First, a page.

Prickly Pear Cactus (Opuntia)

Opuntia is a genus in the cactus family, Cactaceae.

The most common culinary species is the Indian fig opuntia (O. ficus-indica). Most culinary uses of the term “prickly pear” refer to this species. Prickly pears are also known as tuna (fruit), sabra (the Hebrew name), nopal (paddle, plural nopales) from the Nahuatl word nōpalli for the pads, or nostle, from the Nahuatl word nōchtli for the fruit; or paddle cactus.

The genus is named for the Ancient Greek city of Opus, where, according to Theophrastus, an edible plant grew which could be propagated by rooting its leaves.

Description

Prickly pears typically grow with flat, rounded cladodes (also called platyclades) armed with two kinds of spines; large, smooth, fixed spines and small, hairlike prickles called glochids, that easily penetrate skin and detach from the plant. Many types of prickly pears grow into dense, tangled structures.

Like all true cactus species, prickly pears are native only to the Americas, but they have been introduced to other parts of the globe. Prickly pear species are found in abundance in Mexico, especially in the central and western regions, and in the Caribbean islands (West Indies). In the United States, prickly pears are native to many areas of the arid Western United States, including the lower elevations of the Rocky Mountains, where species such as Opuntia phaeacantha and Opuntia polyacantha become dominant, and to the desert Southwest, where several types are endemic.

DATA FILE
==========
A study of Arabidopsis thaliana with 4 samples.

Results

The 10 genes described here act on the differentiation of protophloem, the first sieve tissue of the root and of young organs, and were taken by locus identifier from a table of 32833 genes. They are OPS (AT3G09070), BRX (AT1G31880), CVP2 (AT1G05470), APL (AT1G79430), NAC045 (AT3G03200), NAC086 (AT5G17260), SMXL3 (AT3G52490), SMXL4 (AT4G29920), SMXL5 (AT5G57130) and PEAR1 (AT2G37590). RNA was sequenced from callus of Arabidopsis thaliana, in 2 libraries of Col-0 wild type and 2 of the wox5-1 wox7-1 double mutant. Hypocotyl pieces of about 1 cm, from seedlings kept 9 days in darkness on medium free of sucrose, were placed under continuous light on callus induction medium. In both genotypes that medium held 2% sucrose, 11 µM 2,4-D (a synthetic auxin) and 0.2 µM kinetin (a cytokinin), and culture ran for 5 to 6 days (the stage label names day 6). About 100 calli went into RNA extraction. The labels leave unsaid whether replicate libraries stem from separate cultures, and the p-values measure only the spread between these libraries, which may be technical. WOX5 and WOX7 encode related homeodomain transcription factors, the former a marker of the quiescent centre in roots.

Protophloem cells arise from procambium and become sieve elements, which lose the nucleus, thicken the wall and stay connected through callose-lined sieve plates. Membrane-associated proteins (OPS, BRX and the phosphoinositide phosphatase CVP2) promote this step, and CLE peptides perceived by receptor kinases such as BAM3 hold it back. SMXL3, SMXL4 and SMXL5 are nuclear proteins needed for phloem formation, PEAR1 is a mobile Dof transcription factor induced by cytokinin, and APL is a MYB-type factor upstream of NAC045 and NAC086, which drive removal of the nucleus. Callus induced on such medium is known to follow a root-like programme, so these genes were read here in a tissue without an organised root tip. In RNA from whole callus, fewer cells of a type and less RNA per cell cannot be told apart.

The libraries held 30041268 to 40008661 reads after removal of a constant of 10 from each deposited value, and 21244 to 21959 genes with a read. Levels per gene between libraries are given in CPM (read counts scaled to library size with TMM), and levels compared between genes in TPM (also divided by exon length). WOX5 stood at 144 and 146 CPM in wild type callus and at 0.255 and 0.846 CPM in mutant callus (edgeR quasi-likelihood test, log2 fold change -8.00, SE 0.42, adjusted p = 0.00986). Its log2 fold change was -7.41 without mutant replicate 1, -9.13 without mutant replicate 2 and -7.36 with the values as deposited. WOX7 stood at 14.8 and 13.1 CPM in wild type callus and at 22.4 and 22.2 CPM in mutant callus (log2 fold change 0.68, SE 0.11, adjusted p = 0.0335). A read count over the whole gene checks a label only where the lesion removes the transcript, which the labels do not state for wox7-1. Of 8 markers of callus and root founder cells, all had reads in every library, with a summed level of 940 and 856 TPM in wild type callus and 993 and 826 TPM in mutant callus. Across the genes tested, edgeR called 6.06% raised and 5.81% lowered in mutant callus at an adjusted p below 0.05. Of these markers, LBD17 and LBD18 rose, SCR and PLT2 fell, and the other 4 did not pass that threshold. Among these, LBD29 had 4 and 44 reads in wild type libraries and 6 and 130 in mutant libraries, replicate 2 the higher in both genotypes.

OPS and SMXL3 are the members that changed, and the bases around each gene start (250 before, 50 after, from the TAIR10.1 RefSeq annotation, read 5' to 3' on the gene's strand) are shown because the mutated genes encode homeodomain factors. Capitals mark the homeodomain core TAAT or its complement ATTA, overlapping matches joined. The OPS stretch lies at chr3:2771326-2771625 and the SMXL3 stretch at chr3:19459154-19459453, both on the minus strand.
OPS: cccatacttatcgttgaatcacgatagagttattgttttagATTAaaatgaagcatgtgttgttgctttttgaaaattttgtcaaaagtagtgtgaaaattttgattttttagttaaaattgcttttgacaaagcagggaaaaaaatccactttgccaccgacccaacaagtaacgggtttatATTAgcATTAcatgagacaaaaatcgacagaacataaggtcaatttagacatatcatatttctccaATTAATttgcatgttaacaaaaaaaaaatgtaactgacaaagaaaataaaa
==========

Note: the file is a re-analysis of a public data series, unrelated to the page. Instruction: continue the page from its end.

Uses

As food

Nutrient content

Opuntia has modest content of essential nutrients as assessed by the amount of Daily Value (DV) provided in a 100 g portion, with only dietary fiber (14% DV), vitamin C (23% DV) and the dietary mineral, magnesium (21% DV) having significant content (USDA table of measured nutrients, right).

Regional food uses

The fruit of prickly pears, commonly called cactus fruit, cactus fig, Indian fig or tuna in Spanish, is edible, although it must be peeled carefully to remove the small spines on the outer skin before consumption. If the outer layer is not properly removed, glochids can be ingested, causing discomfort of the throat, lips, and tongue, as the small spines are easily lodged in the skin. Native Americans, like the Tequesta, would roll the fruit around in a suitable medium (e.g. grit) to “sand” off the glochids. Alternatively, rotating the fruit in the flame of a campfire or torch has been used to remove the glochids.

Cactus figs are often used to make candy, jelly, or drinks.

The young stem segments, usually called nopales, are also edible in most species of Opuntia. They are commonly used in Mexican cuisine in dishes such as huevos con nopales (eggs with nopal), or tacos de nopales. Nopales are also an important ingredient in New Mexican cuisine.

 

 

Terms of use: This work is licensed under a Creative Commons Attribution 2.0 Generic License.

Photo credits: Ken Bosma

About the author

Jim Mattern

Jim is a scapegoat for the NPS, an author, adventurer, photographer, radio personality, guide, and location scout. His interests lie in Native American and cultural sites, ghost towns, mines, and natural wonders in the American Deserts.